For parents who lose a child, the experience is difficult enough without health-care providers adding to their grief.
But according to a new study from Dr. Joanne Cacciatore, a researcher with ASU’s School of Social Work, many families with children who are dying have negative experiences with their health-care providers.
That was the case for Maya Thompson.
When her son, Ronan, was 3 years old, she noticed his eye looked a little off — lazy, maybe. She took him to an ophthalmologist, but she was told nothing was wrong.
But her intuition told her differently, so she kept going. Eventually, they were sent to Phoenix Children’s hospital for an MRI. Doctors found a small mass above his left eye and another in his abdomen.
Ronan was diagnosed with neuroblastoma, a form of childhood cancer. For his mother, the health-care providers didn’t make it easier.
After multiple surgeries and many rounds of chemotherapy, Ronan died at the age of 4.
Thompson’s experience in the health-care system with her son as he was dying is likely not out of the ordinary.
Throughout all of his treatment, Thompson practically lived in the hospital, all day and all night, with her son.
ASU’s Dr. Joanne Cacciatore worked with 18 families in similar situations to Thompson — all of them had children with terminal cancer. She looked at their interactions with health-care providers and found that most of their experiences were negative.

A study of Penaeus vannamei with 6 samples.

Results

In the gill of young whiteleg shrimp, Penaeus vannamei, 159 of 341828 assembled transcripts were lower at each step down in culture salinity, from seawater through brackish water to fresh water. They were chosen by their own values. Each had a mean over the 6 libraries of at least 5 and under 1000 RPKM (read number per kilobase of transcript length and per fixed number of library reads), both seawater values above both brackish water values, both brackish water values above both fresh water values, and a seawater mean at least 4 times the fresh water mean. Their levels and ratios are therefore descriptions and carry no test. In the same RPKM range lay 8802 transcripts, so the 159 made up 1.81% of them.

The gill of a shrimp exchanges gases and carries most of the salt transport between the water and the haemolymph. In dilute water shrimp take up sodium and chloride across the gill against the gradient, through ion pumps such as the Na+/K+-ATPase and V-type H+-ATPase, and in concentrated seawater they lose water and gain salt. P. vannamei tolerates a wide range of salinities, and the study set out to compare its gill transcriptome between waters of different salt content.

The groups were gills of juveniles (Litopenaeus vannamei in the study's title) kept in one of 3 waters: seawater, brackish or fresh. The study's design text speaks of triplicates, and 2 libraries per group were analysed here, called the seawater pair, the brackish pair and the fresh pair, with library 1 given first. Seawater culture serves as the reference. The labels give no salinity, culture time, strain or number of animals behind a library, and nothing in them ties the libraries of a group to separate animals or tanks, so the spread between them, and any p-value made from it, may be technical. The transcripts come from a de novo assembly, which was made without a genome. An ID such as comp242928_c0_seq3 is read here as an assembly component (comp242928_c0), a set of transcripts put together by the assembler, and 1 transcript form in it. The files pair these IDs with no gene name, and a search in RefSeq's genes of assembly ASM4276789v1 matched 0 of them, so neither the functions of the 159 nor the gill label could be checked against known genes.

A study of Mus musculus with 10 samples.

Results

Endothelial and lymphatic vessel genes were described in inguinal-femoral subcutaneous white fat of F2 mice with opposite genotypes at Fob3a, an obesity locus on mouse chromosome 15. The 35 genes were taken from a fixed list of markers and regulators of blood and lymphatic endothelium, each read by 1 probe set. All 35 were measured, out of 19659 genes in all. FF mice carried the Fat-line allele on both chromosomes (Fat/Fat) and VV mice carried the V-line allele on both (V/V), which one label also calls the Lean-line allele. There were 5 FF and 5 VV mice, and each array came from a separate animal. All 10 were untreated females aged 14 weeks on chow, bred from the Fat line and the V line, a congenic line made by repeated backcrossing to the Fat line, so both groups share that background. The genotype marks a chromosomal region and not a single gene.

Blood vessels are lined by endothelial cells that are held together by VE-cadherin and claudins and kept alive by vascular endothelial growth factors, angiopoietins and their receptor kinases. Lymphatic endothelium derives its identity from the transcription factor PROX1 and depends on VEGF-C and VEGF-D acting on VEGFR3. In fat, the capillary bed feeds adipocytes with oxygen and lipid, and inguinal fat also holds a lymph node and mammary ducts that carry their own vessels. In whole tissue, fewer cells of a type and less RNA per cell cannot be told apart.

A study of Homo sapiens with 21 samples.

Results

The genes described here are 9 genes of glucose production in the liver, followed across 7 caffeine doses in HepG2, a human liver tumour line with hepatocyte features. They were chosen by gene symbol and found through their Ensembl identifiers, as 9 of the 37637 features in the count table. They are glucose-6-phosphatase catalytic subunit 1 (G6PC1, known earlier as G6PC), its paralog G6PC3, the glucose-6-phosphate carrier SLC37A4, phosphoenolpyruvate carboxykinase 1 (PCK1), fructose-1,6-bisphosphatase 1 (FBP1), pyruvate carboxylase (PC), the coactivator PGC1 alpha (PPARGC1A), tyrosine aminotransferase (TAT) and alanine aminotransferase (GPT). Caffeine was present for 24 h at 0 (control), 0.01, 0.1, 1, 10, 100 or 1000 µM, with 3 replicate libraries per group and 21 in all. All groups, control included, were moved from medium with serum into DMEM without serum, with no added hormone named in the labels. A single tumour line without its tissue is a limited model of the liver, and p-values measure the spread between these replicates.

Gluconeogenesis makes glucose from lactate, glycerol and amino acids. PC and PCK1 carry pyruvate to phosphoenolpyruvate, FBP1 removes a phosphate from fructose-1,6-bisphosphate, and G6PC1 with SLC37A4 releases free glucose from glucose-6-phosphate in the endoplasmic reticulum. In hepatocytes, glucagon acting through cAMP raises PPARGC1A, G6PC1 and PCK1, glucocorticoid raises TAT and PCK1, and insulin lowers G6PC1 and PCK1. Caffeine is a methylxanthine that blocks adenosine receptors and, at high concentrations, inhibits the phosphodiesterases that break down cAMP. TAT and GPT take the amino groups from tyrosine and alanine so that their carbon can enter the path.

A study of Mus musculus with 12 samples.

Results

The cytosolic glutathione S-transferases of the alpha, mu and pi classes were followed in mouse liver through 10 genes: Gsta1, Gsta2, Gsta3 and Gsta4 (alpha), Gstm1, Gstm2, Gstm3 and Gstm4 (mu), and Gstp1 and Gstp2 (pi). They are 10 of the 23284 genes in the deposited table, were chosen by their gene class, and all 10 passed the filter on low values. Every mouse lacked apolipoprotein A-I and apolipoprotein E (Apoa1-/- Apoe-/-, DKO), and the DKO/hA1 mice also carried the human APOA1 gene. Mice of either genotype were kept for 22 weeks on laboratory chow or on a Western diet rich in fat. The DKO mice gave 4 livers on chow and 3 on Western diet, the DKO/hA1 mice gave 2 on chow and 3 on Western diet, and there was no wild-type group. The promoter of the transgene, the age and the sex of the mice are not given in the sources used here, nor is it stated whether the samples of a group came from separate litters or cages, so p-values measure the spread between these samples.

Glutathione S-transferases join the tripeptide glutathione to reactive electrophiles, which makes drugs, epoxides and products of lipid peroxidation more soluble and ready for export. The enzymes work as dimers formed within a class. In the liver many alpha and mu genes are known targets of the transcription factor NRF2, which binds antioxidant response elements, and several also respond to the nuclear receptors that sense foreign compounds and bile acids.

Cacciatore is an associate professor in the School of Social Work at Arizona State University, and she’s the founder of the MISS Foundation, which provides counseling, advocacy and research for families experiencing the death of a child.
But while families report challenges with health-care providers in these situations, Cacciatore works with a lot of health-care providers on just this issue. She says she doesn’t think it’s because they don’t care, rather it’s because they’re human.
Cacciatore's study was published in OMEGA — Journal of Death and Dying, and it's titled "The Long Road to Farewell: Th Needs of Families with Dying Children."
Thompson founded the Ronan Foundation after his death.